I am trying to implement an Arduino Mega 2560 to receive signals from a rotary encoder. The encoder outputs A, B and C phases using standard TTL positive logic (+5V = 1, approx. 0V to GND = 0), A and B together they form two-phase pulse train with 90° phase differential signals that determines position and direction (+/-). C phase outputs a zero-point signal (end/start of a revolution). The total number of wires to the Arduino Mega 2560 is 3 wires.
From my understanding from the manual, the two-phase pulse train with 90° phase differential signals indicates forward rotation when phase B leads by 90 degree, and indicates reverse rotation when phase A leads by 90 degree. All phases have the same pulse width. There is a page of the manual in the attachment:
Each pulse represents a point, the application that uses the rotary encoder requires that each revolution to have a resolution of at least 150K points/rev, and at that encoder resolution the motor would turn 1/3 rev per second (20 rpm). Is it feasible to use Arduino Mega 2560 at least 50K inputs per A and B phase per second (total around 100K per second)? What is the minimum detectable pulse width for Arduino Mega 2560?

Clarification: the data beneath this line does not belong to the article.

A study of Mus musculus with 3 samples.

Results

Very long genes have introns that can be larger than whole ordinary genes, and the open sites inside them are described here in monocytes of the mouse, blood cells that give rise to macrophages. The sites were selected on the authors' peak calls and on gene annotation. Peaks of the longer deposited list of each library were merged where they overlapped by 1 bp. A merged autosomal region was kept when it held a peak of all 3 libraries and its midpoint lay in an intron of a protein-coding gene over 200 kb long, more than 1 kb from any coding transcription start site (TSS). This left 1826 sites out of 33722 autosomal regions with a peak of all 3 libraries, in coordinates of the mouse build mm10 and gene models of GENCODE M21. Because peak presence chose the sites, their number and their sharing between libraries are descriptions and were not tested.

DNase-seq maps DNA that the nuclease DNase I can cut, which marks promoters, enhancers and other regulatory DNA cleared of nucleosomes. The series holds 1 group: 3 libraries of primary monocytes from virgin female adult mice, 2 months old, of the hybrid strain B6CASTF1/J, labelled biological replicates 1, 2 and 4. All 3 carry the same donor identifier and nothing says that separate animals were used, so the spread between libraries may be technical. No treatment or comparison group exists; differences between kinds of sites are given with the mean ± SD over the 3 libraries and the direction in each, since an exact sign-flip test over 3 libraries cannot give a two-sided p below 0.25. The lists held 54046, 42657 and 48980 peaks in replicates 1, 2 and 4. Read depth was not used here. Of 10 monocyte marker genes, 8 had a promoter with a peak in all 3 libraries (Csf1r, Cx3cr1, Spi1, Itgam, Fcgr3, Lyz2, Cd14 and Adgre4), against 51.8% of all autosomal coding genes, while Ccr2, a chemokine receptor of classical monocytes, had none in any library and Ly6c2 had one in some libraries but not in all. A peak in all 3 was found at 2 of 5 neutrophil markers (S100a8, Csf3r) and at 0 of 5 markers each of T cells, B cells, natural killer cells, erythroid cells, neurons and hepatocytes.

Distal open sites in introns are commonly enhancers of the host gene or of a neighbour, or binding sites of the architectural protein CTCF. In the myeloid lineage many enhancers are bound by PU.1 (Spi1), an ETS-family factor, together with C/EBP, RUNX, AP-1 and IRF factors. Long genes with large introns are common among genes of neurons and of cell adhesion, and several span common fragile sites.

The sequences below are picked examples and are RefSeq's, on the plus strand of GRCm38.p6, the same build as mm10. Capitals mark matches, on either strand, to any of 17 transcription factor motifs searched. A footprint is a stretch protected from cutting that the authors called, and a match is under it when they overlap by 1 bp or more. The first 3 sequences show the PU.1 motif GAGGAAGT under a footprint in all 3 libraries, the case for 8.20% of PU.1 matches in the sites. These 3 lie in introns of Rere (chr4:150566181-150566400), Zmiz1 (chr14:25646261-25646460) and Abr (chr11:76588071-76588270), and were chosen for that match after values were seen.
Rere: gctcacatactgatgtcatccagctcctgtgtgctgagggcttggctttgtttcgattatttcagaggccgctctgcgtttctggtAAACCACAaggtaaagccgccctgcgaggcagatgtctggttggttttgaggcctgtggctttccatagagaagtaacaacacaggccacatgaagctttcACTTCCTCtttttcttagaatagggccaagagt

If Arduino Mega 2560 can handle the above number of inputs, I am still having trouble implementing a way to read the signal to determine forward and reverse rotation. For now I think for forward rotation, phase B would delay a time equals to (pulse width/2), and for reserve rotation, phase A would delay the same amount of time. The question is: what is the correct logic to process the two phases’ inputs in order to correctly output the number of points turned and their respective direction?
Currently I am sinking into this logic: I am not sure if the following assumption is correct, but if phase A leads by 90 degree, does that mean phase B’s duty cycle is 50% less than phase A within a time period, and vice versa for if phase B leads by 90 degree? Is there a way to compare the pulse width of two inputs by setting a timer period for reference…?
I am still new to the Arduino community and electronics in general, thanks in advance.